Did you know that it’s technically against the law to use the word “nigger” in New York City? The City Council voted unanimously — as in 49 to nothing — to encourage New Yorkers not to use the N-word and to learn about its racist provenance. This was back in 2007, but you’d be hardpressed today to find anyone who can point to a tangible result of this ban, except for a hilarious episode on The Daily Show satirizing the whole enterprise.
At least the City Council members passed a resolution that carried no sanctions or penalty, recognizing that they were expressing a civic sentiment, not creating a new class of criminal offense. Not so the Israeli Knesset, which on January 15 gave preliminary approval to a bill that would criminalize the word Nazi or symbols from the Third Reich if they were used in a “wrong or inappropriate way.”
The bill would impose a maximum fine of 100,000 shekels and six months in jail for any violators. (Educational settings and some artistic performances would be exempt.) No word on who gets to decide what is “wrong or inappropriate,” how this ban would be enforced or whether a teenager who equates a bad romantic breakup with the Shoah would be hauled off to prison.
“We want to prevent disrespect of the Holocaust,” said Shimon Ohayon, the bill’s sponsor, from the Yisrael Beitenu party. “We allow too many freedoms, which are taking over in a way that is harming us.”
He’s correct on the first point. Of all the nations and peoples on earth, Israel should be the one to hold the Holocaust in careful context, and Israelis should be the ones to understand how derogatory words and emblems can deeply insult the survivors who live in their midst and the Jewish values on which their state is built.
But respect is not a virtue that can be legislated. It must be taught, modeled, extolled, embedded in a culture.
Holocaust imagery is used and abused by Israelis up and down the social food chain, from snarky teenagers to angry settlers to senior government officials who routinely equate today’s enemy with Hitler and his ilk. A bill similar to Ohayon’s was introduced two years ago, after some ultra-Orthodox Jews wore yellow stars and concentration camp-style dress to protest what they contended was persecution by secular countrymen. Israelis were outraged.
Still, the bill went nowhere.
Israeli lawmakers supporting the latest legislation point to the dozen or so European nations that prohibit the use of Nazi flags and symbols, along with those of other extremist groups. But there’s a crucial underlying difference. By and large, the European statutes ban Nazi imagery only if it is being used to incite hatred or violence.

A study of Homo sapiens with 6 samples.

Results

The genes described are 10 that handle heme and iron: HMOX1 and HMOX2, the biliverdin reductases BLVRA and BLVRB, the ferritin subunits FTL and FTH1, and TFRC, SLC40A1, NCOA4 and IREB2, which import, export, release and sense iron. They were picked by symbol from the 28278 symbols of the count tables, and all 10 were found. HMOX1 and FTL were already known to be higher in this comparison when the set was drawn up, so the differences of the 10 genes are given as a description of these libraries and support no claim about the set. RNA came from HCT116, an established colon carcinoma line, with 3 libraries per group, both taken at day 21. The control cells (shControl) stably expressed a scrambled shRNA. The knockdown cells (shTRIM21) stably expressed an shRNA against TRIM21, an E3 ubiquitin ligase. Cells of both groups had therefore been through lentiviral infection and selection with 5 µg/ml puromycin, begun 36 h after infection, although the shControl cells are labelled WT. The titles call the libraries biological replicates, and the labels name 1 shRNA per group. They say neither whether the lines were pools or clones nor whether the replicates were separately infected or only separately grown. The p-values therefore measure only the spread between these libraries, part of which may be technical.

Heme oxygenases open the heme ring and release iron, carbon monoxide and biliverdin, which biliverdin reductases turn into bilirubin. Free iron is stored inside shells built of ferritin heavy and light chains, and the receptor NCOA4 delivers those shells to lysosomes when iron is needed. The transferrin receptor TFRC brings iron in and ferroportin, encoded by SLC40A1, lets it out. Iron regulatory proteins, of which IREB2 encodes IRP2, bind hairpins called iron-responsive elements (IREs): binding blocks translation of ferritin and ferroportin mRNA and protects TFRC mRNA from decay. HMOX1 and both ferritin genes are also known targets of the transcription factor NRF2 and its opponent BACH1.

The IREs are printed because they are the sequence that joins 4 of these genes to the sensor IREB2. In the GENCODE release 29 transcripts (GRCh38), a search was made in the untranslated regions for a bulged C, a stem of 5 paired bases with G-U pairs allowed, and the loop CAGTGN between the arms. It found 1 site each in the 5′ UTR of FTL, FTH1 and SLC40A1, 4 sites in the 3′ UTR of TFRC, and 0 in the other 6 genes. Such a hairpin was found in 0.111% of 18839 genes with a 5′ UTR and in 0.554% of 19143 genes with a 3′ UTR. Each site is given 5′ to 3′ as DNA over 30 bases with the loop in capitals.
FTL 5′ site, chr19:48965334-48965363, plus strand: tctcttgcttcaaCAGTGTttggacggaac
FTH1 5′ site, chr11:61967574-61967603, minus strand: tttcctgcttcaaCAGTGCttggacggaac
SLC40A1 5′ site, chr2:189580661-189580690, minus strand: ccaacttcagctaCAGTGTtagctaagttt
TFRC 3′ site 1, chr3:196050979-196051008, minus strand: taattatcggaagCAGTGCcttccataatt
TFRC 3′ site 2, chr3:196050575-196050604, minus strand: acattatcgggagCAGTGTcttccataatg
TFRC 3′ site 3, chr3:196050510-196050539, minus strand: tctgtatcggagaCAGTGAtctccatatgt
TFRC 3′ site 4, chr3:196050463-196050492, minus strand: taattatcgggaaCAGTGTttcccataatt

The Nazi flag — with its foreboding black swastika and its blood-red background — had incited hatred and violence in those countries not so long ago, within living memory. Banishing it is a way of protecting lives and maintaining public safety, a cause which could trump the right to free speech.
That is why even the clumsy attempt by the New York City Council to outlaw the N-word has some legitimacy. It was a word first used by white people to subjugate, brutalize and persecute black people. Here. Not really that long ago.
Israel doesn’t face a Nazi threat from within its borders, just a threat within its soul. The crime now is trivializing the past, appropriating Nazi language and symbols and twisting them into something ordinary, temporarily offensive, or just plain awful. But not life threatening. Insult is not the same as genocide.
International Holocaust Remembrance Day is January 27. It is an invented “holiday” but a useful occasion to focus on what we Jews still owe the survivors in our midst. And despite the billions of dollars spent in restitution money, tens of thousands of them still suffer.
Of the estimated 200,000 survivors in Israel, 25% need food aid, and 12,000 had no heating or warm clothing during this unusually cold winter, according to Latet, an Israeli humanitarian aid organization. Of the 120,000 survivors in the United States, 25% live below the poverty line, according to federal officials.
The White House announced in December that it was willing to spend up to $15 million to help needy Holocaust survivors in the U.S. Given the immense financial resources in our community, combined with the billions that has flowed through the Conference on Jewish Material Claims Against Germany for decades, why should taxpayers’ money be necessary?
The crime here is not a slanderous remark by a thoughtless citizen, or the display of an offensive symbol. The real crime is that tens of thousands of the neediest, most deserving Jews in our midst live in inexcuseable deprivation.
What’s the use of banning the Nazi’s symbols if the victims of their dastardly work continue to suffer today?